Reviewed by Judy Richter
A middle-aged man gets terrible news from his doctor: He has amyothrophic lateral sclerosis, or Lou Gehrig's disease, a progressively debilitating, ultimately fatal illness. Shaken, he gets into his car and starts driving -- nowhere, anywhere. It's time to take stock of his dull life. That's the premise in Michael McKeever's "Charlie Cox Runs With Scissors," presented by Marin Theatre Company under the direction of Lee Sankowich.
Charlie (Howard Swain) is an editor, a man who rarely takes chances and has never been in love. During his drive, he picks up a strange hitchhiker, Wally (Liam Vincent). With his wild hair, black fingernails and all-black attire, Wally soon reveals that he's Charlie's death personified, but only Charlie can see him. When Charlie's car breaks down in the middle of the Arizona desert, he and Wally stay in a decrepit motel run by Nell Todd (Anne Darragh), a harried widow who's at the beck and call of her ailing (offstage) father-in-law.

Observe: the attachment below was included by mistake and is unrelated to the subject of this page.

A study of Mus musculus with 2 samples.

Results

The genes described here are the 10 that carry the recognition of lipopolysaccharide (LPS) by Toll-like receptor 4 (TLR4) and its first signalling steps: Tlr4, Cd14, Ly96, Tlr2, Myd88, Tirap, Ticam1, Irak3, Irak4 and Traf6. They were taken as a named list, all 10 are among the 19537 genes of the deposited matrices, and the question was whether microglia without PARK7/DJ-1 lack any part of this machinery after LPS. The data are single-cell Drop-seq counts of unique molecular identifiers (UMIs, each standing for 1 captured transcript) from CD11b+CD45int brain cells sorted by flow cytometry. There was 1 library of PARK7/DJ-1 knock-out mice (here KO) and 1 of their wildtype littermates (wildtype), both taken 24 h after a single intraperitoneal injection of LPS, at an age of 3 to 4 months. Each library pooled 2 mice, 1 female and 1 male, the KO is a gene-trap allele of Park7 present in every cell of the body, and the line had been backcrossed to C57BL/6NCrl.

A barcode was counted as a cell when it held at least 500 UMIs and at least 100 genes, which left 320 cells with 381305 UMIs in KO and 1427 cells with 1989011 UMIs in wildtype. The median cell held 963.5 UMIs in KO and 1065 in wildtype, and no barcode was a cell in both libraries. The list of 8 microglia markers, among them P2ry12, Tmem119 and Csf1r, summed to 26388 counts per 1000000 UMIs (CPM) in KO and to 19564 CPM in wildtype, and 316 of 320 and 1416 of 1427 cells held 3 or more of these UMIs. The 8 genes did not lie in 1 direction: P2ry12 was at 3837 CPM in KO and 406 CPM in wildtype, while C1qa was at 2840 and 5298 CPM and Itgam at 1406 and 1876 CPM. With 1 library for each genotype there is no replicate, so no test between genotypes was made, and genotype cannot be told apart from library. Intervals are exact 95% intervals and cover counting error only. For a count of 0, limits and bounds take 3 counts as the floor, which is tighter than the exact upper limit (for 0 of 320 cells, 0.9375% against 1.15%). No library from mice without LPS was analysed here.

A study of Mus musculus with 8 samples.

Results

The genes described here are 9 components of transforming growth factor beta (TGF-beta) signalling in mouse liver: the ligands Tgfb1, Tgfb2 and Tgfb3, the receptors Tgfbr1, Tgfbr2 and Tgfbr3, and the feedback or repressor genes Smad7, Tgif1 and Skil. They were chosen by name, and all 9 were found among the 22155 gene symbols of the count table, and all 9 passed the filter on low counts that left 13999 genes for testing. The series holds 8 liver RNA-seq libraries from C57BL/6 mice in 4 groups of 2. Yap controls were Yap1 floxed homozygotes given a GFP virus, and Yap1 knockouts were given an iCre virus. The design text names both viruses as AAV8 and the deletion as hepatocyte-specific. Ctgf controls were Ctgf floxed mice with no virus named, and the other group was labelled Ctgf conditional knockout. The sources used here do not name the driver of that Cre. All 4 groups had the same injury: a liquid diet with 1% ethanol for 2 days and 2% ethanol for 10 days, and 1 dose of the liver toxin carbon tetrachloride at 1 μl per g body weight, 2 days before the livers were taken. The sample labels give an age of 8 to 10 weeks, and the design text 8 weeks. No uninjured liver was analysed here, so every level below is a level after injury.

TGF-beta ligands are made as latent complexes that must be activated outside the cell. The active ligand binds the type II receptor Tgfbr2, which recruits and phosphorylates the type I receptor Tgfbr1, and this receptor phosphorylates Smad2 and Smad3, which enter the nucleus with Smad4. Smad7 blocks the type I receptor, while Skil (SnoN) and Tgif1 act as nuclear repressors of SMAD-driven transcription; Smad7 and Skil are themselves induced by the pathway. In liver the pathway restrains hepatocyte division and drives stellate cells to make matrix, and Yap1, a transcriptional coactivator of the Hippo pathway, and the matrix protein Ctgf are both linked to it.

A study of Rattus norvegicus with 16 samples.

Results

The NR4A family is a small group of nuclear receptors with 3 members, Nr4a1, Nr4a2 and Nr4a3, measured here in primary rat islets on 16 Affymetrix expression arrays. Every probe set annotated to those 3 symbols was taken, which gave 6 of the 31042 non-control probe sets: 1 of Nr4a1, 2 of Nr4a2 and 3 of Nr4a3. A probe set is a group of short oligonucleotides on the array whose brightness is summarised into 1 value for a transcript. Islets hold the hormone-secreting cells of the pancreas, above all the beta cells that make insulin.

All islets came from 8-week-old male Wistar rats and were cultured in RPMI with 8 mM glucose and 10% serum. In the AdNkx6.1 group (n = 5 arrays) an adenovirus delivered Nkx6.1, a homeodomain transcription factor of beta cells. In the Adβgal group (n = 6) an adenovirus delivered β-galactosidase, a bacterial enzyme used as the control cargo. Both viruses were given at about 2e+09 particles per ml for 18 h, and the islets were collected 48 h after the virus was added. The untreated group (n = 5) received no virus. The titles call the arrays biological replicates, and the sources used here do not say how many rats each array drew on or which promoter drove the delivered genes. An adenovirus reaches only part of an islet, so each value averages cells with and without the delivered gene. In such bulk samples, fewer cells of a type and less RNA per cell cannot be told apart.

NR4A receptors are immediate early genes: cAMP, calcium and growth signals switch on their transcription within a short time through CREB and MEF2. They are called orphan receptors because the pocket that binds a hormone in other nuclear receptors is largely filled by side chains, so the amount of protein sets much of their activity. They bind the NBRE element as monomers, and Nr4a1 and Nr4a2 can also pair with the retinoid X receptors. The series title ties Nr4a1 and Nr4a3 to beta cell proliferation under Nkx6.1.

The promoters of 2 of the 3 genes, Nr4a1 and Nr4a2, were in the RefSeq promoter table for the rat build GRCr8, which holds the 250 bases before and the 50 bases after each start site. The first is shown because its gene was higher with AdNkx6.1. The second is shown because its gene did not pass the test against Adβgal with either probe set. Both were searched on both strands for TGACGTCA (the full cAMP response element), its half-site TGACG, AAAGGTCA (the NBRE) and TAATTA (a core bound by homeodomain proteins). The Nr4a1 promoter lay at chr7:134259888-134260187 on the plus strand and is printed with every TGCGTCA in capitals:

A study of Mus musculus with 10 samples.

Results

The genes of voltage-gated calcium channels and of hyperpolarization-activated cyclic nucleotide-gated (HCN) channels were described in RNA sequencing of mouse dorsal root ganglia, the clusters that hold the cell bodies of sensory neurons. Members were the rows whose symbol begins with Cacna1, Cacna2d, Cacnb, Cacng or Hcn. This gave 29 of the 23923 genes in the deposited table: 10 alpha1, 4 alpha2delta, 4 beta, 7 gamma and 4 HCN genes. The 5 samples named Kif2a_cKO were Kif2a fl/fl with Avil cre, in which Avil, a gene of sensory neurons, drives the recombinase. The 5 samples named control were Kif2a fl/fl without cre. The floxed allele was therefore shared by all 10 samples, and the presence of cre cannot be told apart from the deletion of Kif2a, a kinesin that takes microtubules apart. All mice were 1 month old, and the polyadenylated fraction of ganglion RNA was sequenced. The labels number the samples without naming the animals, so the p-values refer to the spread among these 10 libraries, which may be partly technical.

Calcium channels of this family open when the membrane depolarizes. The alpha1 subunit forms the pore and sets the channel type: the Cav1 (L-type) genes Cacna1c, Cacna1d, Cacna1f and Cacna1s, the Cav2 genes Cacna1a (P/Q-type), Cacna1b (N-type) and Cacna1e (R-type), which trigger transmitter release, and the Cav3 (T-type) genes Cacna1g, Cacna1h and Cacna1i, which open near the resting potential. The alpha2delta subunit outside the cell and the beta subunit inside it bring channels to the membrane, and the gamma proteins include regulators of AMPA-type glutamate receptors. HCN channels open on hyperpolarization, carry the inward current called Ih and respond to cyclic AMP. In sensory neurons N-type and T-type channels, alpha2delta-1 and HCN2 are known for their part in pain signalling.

Charlie and Nell are attracted to each other, much to Wally's disgust. However, Wally's efforts to urge Charlie to get on with dying are offset by the arrival of another unseen presence, Kiki (Isabelle Ortega), an attractive young woman in a red dress and red high heels. She represents love, and she's blind -- rather obvious. Wally and Kiki essentially fight for Charlie's soul.
Although the outcome is predictable, the 85-minute, intermissionless play is amusing, especially in this sharp MTC production. Sankowich has assembled a first-rate design team with a set by Giulio Perrone, lighting by Jeff Rowlings, and sound and music by Norman Kern. Cathleen Edwards' costumes are especially effective for Darragh, who first appears in a ratty sweatshirt and jeans. As she and Charlie begin to connect, however, she appears in ever-nicer outfits. Her hairdo also improves.
The acting, especially by Swain and Darragh, also is first-rate. Completing the cast is Mark LaRiviere as Travis, an auto mechanic and tow-truck driver who's interested in Nell.